If I received an urgent e-mail from Boss Meg telling me to send a $9,000 wire transfer to Consumerist’s fedora vendor, I would know that it was some kind of scam. Paying our bills isn’t part of my job, so clearly that isn’t an e-mail that I would receive. What if that were my job, though? Companies have reported losing an average of $55,000 to a scam exactly like this, wiring money to mysterious entities who forge e-mails from the boss.
Companies do conduct a lot of business by e-mail, which is what makes this scam so scary. A fraudster might also pose as an existing vendor sending in new “account information” that goes somewhere else entirely. The goal of this scam is simple: pretend to be the boss, ask employees to send money as a fake vendor payment or investment. Once the money is sent, it will be almost impossible to recover.
Companies targeted from this scam are generally in North America or the United Kingdom, deal with vendors in other countries, and routinely send out large payments, so the errant payment might even go unnoticed for long enough that it can’t be traced. According to the Internet Crime Complaint Center, the largest fraudulent payment sent was more than $800,000.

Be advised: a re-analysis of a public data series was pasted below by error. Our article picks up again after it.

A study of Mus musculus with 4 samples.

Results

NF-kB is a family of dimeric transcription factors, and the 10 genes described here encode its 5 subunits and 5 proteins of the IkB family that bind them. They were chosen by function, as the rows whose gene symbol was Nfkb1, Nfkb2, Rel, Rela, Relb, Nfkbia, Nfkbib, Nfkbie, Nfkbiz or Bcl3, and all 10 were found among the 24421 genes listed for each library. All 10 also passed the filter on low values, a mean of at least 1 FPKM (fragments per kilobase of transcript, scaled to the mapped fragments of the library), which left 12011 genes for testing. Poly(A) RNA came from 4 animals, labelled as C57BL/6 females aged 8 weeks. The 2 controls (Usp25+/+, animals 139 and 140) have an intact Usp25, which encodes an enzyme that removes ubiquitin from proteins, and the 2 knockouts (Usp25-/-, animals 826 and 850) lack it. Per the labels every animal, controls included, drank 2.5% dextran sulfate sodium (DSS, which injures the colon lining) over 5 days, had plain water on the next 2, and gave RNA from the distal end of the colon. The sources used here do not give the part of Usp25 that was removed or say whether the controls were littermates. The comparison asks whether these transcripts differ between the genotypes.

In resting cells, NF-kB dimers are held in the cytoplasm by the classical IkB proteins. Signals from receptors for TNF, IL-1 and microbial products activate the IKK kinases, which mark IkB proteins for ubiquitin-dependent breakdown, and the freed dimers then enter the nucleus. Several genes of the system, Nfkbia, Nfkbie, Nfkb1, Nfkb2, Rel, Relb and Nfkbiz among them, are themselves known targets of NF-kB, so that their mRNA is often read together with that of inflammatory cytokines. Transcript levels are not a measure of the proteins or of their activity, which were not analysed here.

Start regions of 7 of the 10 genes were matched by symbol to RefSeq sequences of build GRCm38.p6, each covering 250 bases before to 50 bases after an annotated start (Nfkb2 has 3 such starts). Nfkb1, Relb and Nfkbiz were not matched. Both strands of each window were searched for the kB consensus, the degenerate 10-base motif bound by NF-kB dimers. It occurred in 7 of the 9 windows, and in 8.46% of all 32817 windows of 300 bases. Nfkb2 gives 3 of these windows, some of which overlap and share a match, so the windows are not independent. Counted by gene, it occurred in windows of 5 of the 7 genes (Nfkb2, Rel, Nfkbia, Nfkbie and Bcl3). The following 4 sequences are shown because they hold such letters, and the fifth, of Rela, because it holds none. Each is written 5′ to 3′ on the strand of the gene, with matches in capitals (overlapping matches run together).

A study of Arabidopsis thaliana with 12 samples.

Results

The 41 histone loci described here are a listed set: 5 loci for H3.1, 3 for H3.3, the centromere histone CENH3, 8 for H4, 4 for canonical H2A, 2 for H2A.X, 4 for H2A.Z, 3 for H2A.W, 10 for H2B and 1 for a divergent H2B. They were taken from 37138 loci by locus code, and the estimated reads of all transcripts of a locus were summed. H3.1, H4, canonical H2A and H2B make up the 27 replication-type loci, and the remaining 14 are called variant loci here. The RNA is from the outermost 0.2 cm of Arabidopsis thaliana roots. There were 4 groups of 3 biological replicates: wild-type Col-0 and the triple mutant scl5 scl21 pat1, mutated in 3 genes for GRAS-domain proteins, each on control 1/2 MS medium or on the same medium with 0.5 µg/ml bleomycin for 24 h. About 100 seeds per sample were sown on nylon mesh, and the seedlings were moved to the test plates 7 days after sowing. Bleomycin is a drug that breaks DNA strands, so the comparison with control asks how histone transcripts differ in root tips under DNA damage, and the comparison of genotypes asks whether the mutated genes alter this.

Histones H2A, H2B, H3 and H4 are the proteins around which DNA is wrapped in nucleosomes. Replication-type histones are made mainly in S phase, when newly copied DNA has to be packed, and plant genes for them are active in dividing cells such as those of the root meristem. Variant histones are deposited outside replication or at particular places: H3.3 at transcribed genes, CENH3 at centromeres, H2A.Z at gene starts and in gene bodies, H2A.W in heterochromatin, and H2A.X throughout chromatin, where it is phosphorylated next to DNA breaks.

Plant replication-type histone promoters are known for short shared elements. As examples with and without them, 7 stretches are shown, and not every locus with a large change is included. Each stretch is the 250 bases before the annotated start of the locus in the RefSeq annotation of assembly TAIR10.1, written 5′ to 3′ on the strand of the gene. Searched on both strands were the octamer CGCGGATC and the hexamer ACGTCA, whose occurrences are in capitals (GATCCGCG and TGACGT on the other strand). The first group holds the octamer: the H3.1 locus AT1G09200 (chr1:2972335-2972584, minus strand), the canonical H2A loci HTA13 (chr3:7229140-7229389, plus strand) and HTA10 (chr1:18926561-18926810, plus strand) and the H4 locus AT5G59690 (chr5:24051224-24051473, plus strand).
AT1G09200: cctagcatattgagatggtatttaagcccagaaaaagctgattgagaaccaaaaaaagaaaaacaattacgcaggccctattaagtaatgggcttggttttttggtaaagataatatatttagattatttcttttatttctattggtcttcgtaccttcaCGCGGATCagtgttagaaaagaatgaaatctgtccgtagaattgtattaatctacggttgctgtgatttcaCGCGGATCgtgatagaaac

There are ways to prevent such things from happening in your workplace: make sure that multiple people have to authorize large transactions. Carefully check return addresses on messages that you receive, and even look at the headers to make sure that the message originated where it was supposed to. Require purchase orders approved by a manager for all big expenditures. Also, be wary of any transaction that you’re told is absolutely urgent, or that needs to be kept secret from other people in the organization.